Center for Biological Diversity

Protecting endangered species and wild places through


Contact: Brent Plater (510) 841-0812 or (415) 572-6989
More Information: Northern Right Whale, Federal Register Notice

Abdicating its mandate from Congress to protect the most endangered large whale on Earth, the National Marine Fisheries Service (“marine agency”) announced today in the Federal Register that it is refusing to take action to protect the habitat of the North Pacific right whale, Eubalaena japonica. The marine agency was petitioned by the Center for Biological Diversity to designate critical habitat for the whale on October 4, 2000.

“The Bush administration had to ignore its own recovery plans, its own scientists, and its own regulations to take this indefensible position,” said Brent Plater, attorney for the Center for Biological Diversity and author of the critical habitat petition. “We will not allow the right whale to be sacrificed in Bush’s attempt to eviscerate the ESA, and neither will the courts.”

In the announcement, the marine agency held that the “extent of critical habitat cannot be determined at this time because the essential biological requirements of the population…are not sufficiently understood.” However, the biological and ecological needs of right whales have been known for decades, the marine agency own biologists have published data indicating that right whales have occurred in this region despite changes in the ecology of the Bering Sea, and ongoing threats to right whales in the Bering Sea have been identified by high-ranking marine agency scientists. All of this information was available to marine agency at the time it made the determination, yet the agency failed to take action to protect the most imperiled whale in the world.

“The marine agency has failed to take the most basic steps to protect this population,” said Plater. “There is no recovery plan for the species, there is no critical habitat designated, and the marine agency even refused to craft regulations to help protect the whales while they forage in Alaskan waters. The right whale’s resurgence in the Bering Sea should be a symbol of hope for a region facing ecological collapse, but the marine agency insists on treating the population like a pariah.”

The Center for Biological Diversity will continue to champion the critical habitat designation for the right whale through both administrative and legal avenues. Today the Center will file a 60 day notice of intent to sue the agency for failing to designate critical habitat for the Pacific right whale, and will also file a Freedom of Information Act request for all information the marine agency relied on in making its determination, in order to expose the inadequacy of this determination.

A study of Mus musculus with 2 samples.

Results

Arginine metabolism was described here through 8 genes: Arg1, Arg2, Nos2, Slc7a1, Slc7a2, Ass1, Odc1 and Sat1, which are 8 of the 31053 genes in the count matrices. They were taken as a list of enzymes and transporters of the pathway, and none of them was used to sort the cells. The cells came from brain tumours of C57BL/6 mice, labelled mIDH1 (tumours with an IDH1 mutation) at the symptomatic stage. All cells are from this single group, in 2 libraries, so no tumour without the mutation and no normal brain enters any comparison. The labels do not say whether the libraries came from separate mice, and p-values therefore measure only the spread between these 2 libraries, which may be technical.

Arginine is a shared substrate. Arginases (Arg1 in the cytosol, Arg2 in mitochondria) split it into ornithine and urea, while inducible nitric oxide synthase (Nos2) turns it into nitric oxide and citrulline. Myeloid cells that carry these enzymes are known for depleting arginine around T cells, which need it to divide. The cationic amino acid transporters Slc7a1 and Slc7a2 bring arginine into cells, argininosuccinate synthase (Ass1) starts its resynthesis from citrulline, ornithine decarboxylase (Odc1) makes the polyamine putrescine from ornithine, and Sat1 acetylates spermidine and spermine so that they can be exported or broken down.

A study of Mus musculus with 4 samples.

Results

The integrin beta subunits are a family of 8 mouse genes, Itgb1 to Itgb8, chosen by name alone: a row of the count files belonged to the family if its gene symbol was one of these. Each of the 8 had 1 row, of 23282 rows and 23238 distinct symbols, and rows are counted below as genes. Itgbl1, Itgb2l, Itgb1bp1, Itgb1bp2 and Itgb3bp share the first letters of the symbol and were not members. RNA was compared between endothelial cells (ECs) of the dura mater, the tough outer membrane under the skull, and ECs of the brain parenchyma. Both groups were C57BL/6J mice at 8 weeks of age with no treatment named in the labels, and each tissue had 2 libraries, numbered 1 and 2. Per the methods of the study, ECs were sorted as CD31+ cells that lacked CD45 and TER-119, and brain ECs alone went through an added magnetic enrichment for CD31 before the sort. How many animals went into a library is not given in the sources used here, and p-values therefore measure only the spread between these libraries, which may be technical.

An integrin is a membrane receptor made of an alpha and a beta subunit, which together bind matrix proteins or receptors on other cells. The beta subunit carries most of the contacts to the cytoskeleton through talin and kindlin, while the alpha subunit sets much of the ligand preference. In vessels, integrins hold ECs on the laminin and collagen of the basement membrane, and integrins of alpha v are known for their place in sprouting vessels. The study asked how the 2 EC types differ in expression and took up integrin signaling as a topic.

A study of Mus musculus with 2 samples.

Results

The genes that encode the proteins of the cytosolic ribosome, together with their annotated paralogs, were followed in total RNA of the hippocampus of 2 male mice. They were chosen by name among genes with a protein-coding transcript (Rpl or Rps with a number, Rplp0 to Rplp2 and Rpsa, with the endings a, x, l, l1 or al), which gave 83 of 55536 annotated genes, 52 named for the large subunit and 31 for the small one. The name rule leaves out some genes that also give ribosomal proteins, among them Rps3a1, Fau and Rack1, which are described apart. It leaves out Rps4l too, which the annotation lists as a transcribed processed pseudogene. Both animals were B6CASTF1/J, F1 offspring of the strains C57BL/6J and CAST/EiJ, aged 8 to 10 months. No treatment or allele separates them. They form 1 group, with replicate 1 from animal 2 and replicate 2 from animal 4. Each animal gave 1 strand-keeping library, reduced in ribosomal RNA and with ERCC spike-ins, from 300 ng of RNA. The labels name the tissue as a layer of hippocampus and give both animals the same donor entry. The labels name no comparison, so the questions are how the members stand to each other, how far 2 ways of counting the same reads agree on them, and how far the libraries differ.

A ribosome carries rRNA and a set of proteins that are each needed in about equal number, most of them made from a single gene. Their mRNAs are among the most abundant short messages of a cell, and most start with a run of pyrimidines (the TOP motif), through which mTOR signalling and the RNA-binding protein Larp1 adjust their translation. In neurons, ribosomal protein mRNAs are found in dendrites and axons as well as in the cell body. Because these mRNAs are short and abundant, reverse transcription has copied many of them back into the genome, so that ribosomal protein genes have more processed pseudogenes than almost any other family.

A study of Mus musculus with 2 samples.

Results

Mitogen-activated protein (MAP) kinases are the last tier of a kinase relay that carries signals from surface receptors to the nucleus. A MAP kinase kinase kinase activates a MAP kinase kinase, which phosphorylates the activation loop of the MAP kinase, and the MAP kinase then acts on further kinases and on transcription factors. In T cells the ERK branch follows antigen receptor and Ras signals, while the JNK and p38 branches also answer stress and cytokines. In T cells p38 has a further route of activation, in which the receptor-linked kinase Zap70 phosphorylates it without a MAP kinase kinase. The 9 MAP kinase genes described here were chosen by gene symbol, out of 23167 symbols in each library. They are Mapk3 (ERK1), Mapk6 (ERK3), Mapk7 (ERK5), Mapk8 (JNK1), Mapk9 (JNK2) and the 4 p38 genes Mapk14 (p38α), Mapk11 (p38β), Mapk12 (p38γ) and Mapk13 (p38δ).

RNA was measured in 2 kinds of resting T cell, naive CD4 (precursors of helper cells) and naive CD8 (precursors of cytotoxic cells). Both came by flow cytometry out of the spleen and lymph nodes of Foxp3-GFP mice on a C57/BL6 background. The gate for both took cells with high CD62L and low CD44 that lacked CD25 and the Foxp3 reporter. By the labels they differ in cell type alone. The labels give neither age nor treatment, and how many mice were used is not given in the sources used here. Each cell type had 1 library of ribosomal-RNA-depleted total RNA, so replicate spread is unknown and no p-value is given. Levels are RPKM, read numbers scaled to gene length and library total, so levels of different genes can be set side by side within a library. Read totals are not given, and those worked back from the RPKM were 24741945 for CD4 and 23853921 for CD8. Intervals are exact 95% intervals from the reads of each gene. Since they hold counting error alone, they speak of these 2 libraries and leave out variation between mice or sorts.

The Center’s original petition was submitted to designate critical habitat for the North Pacific population of the northern right whale, Eubalaena glacialis. However, shortly after the petition was filed, the marine agency reclassified E. glacialis into two different species: E. glacialis in the Atlantic Ocean, and E. japonica in the Pacific Ocean. E. glacialis already has critical habitat designated, but the marine agency has never attempted to designate critical habitat for what is now known as E. japonica, despite recommendations from its own right whale recovery team.

Because much is still unknown about the migratory habits of the northern right whale, the Center identified both currently occupied and currently unoccupied marine habitats as critical for the right whale. The proposed critical habitat areas were based on biological and physical characteristics compiled by NMFS itself. The proposed critical habitat comprises a very small but critical portion of the historic range of the species.

Designating critical habitat for the right whale provides significant conservation benefits to the species. The ESA prohibits federal agencies from carrying out, funding or permitting activities that result in the adverse modification of designated critical habitat, whether or not the whales currently occupy the area. In this way, the ESA ensures that migratory endangered species like the northern right whale will have a home to return to after they end their migration. Without critical habitat designation, the protective provisions of the ESA would travel with the individual whales, leaving their seasonal home at risk of human encroachment.

Although no longer commercially hunted, northern right whales are killed each year by human activities. Ships entering and exiting ports such as Dutch Harbor, Alaska, the leading fishing port in the U.S., can potentially strike and kill right whales as they feed, sleep, and play at the ocean’s surface. Because the right whale’s historic range is in the heart of the largest commercial fishery in the U.S., commercial fishing gear can entangle the whales, suffocating them and/or preventing them from feeding, leading to eventual starvation. In addition, northern right whale habitats are being degraded by pollution and destroyed by habitat modification.